Preventing Veteran Suicide is a Responsibility for Us All

Preventing Veteran Suicide is a Responsibility for Us All

September 30, 2015
Written by the NVTAC Blogger

Veteran suicide concerns us all. In 2012 alone, 6,500 former military personnel committed suicide, and the United States Department of Veterans Affairs study released in 2013 (covering suicides from 1999 to 2010), showed that roughly 22 veterans were committing suicide each day, or 1 every 65 minutes. There are alarmingly high rates, and some sources suggest that this rate may even be undercounting suicides. A recent analysis found a suicide rate among veterans of about 30 per populations of 100,000 per year, compared with the civilian rate of 14 per 100,000.[1] To help address this tragic issue, each September, we draw particular attention to the problem of veteran suicide and encourage solutions.

Most NVTAC stakeholders are keenly focused on improving the working lives of our veterans, so it is important to note that research suggests that unemployment is associated with suicide. Not that unemployment is necessary causal, but that it impacts a number of health outcomes, including suicide. Evaluated on an epidemiologic basis, the evidence suggests a strong, positive association between unemployment and many adverse health outcomes. Whether unemployment causes these adverse outcomes is less straightforward, as there are likely many mediating and confounding factors, which may be social, economic, or clinical. However, we certainly can assert that long-term unemployment is unhealthy and that employment has positive health impacts, such as increased self-esteem, improved housing stability, decreases in depression, and positive mental health. A working life is about a healthy life.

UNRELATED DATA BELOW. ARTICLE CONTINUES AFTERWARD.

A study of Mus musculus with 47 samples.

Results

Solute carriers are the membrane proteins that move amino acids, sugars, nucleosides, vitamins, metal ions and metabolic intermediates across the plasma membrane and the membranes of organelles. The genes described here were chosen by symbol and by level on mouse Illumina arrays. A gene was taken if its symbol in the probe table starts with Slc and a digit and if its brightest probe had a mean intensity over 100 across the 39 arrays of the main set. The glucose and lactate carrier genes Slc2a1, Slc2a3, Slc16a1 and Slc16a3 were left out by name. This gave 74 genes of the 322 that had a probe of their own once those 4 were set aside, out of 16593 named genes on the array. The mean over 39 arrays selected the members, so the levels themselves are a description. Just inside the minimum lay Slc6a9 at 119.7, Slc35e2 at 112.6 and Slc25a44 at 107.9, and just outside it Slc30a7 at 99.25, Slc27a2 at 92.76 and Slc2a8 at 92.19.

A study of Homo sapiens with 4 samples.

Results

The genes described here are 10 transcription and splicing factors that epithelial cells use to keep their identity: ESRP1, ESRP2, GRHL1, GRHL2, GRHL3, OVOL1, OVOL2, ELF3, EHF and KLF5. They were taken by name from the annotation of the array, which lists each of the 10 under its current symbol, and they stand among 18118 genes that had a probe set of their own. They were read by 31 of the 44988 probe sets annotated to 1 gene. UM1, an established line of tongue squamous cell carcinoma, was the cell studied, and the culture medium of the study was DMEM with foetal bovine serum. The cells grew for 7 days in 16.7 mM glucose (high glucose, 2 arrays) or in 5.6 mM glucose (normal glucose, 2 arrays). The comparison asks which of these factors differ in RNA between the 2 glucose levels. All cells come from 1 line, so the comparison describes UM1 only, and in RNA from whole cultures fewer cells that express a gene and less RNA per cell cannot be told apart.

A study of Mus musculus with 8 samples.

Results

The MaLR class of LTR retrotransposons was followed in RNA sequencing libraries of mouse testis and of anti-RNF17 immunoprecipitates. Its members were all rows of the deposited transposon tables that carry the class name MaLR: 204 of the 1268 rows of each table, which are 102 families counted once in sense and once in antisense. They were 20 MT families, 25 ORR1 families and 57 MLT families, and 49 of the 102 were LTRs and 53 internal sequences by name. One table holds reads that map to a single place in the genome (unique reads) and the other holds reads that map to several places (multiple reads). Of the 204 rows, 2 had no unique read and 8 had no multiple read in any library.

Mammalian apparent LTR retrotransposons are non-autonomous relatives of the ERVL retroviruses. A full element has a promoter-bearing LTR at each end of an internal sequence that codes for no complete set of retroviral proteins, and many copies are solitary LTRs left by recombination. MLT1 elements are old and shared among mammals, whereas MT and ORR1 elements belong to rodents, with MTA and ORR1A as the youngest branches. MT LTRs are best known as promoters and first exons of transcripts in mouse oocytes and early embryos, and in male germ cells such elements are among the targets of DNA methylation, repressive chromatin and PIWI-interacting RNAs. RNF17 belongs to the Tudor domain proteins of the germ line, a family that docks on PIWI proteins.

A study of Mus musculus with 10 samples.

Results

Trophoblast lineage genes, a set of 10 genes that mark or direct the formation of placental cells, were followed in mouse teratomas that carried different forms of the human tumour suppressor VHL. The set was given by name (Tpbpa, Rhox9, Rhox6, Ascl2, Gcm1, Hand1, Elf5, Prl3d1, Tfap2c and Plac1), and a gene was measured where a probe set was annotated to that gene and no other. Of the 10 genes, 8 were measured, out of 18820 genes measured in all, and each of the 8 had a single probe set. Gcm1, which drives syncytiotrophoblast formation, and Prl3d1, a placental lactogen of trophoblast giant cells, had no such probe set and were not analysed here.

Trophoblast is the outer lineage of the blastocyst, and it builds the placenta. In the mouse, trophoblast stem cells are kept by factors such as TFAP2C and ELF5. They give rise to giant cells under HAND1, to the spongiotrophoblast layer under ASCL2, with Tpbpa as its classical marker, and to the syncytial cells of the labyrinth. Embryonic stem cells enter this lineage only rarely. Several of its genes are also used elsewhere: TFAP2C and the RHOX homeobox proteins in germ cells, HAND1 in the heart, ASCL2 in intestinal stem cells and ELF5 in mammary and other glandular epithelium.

Agencies and staff helping veterans enter and maintain their place in the labor market are contributing to the well-being and health of the veterans they serve. However, in communities across the country, more can be done to make available the services and supports homeless veterans require to not only live in permanent housing, but to enjoy participation in our society by receiving a paycheck, going to a workplace where their presence is valued, connecting with new co-workers, and having standing as an employed person.

So does addressing the unemployment of veterans affect suicide rates in our communities? Although more research is needed, we do know that employment contributes to health and well-being. Therefore, for many reasons, more needs to be done to help veterans succeed at work.

[1] Moni Basu, Why suicide rate among veterans may be more than 22 a day, CNN, November 14, 2013; and Jeff Hargarten, Forrest Burnson, Bonnie Campo and Chase Cook, Veteran Suicides Twice as High as Civilian Rates, News21, Aug. 24, 2013.